Deciding where to submit your poetry for publication can be tricky as there are so many options, and you’ll need to decide how important being paid is.

If your goal is to one day have a collection of your poems commercially published, then it’s a great idea to consider trying to get paid for your poetry as early as possible.

Demonstrating to publishers that you have been paid for your work will go a long way. If you start having your poems regularly published professionally, then you can gather all those poems and present them to a traditional publisher as a collection!

There are many different avenues however, many different ways to be paid for your writing, and no single path on the road to creative success! I hope the resources below are helpful.

Literary Journals and Magazines

Journals and magazines often have a commitment to publishing young / emerging / first time / unrepresented writers, and fostering the next generation of talent. 

Journals are often focussed on publishing writers who are geographically local to the journal, so make sure to do some Googling and find out which journals are located in or near your hometown! 

Journals often also have political agendas, so make sure to read plenty of prior issues, and check out their ‘About us’ pages to ensure that the journal / magazine is the right home for your work! 

Most of the good journals will pay you at least some money to publish your work. If you can get into one of these publications, whether online or in print, congratulations! You’re now a professional writer. 

Check out this website for a great list of journals that publish poetry:

Poetry Competitions For Money and Fame

Competitions are a fantastic way to get your poetry out into the world. They are often judged blind, which means that the judges don’t know who has authored the work until the prize is awarded. This will give emerging writers the greatest chance of success!

People actually read poetry that wins awards. Poetry awards often come with financial prizes, which is great if submission is free! Otherwise that money will probably just get used to cover more submission fees. 

Commercial publishers really do pay attention to competitions as well. Getting your first collection published is all about building a compelling case that you are a talented poet, with an audience that will be interested in your work. 

Here are some resources with links to poetry competitions:

Social Media Poets are Popular

Coming as a surprise to some, social media sites like Instagram, Facebook and Twitter have spawned a new generation of online poets. These poets have built up huge fan bases in some instances, and popularised poetry with a whole new audience. In some cases those online poets have approached traditional publishers and had their work printed as a book. 

Makes you realise / remember that people do actually love poetry, and that it is possible to be a popular and commercially successful poet!

Maybe the way traditional poetry publishing operates needs to be overhauled, and we need to reconsider the definition of ‘good poetry’ altogether? Then again, maybe not.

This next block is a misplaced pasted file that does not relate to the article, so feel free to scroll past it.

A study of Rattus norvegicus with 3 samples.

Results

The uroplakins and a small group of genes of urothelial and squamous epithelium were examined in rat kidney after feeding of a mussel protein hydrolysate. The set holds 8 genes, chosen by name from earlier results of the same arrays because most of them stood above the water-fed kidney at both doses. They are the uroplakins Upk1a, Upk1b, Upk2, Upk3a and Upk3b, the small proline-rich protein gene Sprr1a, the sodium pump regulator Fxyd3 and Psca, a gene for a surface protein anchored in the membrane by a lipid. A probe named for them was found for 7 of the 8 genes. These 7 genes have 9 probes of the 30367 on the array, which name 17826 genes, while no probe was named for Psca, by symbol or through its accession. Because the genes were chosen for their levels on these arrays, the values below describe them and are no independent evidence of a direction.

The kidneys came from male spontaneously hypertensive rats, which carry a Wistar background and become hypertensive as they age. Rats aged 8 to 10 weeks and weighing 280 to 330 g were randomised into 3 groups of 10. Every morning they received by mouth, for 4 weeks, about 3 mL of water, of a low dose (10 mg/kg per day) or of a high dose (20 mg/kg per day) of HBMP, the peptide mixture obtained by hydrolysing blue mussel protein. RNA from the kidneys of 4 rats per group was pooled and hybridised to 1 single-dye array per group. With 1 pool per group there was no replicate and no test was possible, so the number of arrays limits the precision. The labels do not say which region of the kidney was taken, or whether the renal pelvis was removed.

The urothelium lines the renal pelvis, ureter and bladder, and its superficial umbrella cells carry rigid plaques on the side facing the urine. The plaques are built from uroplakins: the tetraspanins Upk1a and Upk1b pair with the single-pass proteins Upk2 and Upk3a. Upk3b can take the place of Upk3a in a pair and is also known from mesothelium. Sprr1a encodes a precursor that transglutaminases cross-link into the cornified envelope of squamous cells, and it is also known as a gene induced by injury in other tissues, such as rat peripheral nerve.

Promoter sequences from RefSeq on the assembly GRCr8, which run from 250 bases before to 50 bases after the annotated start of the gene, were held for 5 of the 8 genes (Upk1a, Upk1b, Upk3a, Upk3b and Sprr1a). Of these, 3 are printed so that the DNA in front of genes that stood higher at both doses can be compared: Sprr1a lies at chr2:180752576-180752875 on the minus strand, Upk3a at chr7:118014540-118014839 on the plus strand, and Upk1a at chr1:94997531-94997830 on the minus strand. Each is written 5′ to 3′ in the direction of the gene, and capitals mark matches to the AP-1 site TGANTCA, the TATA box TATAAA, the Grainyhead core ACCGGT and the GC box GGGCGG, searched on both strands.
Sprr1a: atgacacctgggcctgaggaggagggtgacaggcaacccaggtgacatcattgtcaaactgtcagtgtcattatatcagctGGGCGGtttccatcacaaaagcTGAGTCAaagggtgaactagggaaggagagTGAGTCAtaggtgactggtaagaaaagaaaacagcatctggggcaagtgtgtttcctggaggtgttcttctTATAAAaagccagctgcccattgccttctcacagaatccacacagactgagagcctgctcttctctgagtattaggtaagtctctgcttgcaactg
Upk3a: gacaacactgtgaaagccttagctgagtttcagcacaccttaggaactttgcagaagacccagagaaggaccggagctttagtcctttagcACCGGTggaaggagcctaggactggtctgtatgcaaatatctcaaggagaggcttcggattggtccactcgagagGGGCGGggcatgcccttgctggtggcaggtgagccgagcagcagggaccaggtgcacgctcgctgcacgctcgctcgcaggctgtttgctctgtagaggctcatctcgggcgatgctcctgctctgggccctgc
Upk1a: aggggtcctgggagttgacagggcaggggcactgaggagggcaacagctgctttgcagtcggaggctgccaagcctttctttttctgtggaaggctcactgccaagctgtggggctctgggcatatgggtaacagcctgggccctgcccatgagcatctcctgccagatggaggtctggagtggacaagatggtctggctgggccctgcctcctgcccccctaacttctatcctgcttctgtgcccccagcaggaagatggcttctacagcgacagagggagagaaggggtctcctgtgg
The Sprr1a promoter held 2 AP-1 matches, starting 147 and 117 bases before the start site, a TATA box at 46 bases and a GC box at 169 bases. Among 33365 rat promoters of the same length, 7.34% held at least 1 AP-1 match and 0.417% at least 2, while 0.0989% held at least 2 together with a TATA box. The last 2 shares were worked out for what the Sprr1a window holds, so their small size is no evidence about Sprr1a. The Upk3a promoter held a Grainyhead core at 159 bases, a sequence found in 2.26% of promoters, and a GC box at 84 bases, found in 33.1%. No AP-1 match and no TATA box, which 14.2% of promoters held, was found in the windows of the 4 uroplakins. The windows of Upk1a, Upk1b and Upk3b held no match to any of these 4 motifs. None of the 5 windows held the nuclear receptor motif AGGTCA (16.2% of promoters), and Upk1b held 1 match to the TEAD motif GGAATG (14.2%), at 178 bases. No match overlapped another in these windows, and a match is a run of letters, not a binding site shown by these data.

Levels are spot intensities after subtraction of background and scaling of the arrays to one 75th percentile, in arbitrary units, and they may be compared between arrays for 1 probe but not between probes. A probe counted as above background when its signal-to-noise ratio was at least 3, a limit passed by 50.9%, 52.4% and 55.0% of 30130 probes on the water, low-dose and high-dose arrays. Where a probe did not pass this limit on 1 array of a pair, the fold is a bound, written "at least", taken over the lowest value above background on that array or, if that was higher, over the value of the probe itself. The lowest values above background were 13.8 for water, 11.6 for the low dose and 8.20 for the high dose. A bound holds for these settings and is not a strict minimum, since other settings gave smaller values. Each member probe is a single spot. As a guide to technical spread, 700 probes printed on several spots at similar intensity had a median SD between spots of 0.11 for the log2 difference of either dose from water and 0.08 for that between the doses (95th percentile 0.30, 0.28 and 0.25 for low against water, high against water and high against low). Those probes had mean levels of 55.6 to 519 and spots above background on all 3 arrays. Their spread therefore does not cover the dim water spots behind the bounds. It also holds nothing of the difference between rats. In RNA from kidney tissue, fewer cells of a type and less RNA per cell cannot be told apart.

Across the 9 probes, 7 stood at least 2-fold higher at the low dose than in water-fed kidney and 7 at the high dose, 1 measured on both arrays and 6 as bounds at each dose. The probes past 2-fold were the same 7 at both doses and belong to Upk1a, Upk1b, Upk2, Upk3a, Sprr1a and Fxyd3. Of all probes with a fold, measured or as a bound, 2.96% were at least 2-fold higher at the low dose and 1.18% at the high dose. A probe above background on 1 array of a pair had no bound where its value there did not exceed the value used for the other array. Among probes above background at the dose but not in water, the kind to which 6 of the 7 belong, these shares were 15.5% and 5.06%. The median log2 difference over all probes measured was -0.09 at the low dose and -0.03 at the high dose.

The important thing to remember is that publishing your poetry online probably won’t harm your career in any way, because poems can be written relatively quickly when compared to novels. If you publish your novel online, by contrast, you’re unlikely to be able to publish that with a traditional commercial publisher afterwards, which may hurt your bottom line because novels take so long to write.

Remember that building an online following can result in revenue generating opportunities. Plenty of people make big money from being instagram ‘influencers’, promoting products, and running ads.

If this avenue appeals to you, it’s definitely worth researching how to make money online.  

Check out these resources discussing online poets and poetry:

Poetry Websites Publish Poems for Free

There are also lots of websites that publish poems ‘for free’ i.e. they are not going to pay you, but they won’t charge you to upload your work there either. You have to decide if this is providing you with value. 

If these sites lead to engagement with an audience who love your work, this may be a great avenue for you to consider. 

This avenue might also bring you into contact with other poets, and help you build a supportive community of friends! 

This is an especially great avenue for the amatuer poet, who writes for fun, and doesn’t mind if the money never flows! The word amatuer comes from the latin word for love, and so this word really refers to someone who practices not for money, but for love. 

Check out these resources on poetry websites that publish ‘for free’:

Categories: Poetry

Ol Adams

Letter Review is currently edited by Ol Adams, who is a PhD candidate in Creative Writing, casual academic, and guest lecturer at the University of New South Wales. Ol Adams has had short stories published in leading literary journals such as Overland, Southerly, Seizure, and TEXT. Ol has had novels long listed for major awards such as the KYDUMA, has received government funding to produce plays from Create NSW and screenplays from Screen NSW, and has performed / produced professional work at major theatrical venues such as the Sydney Opera House.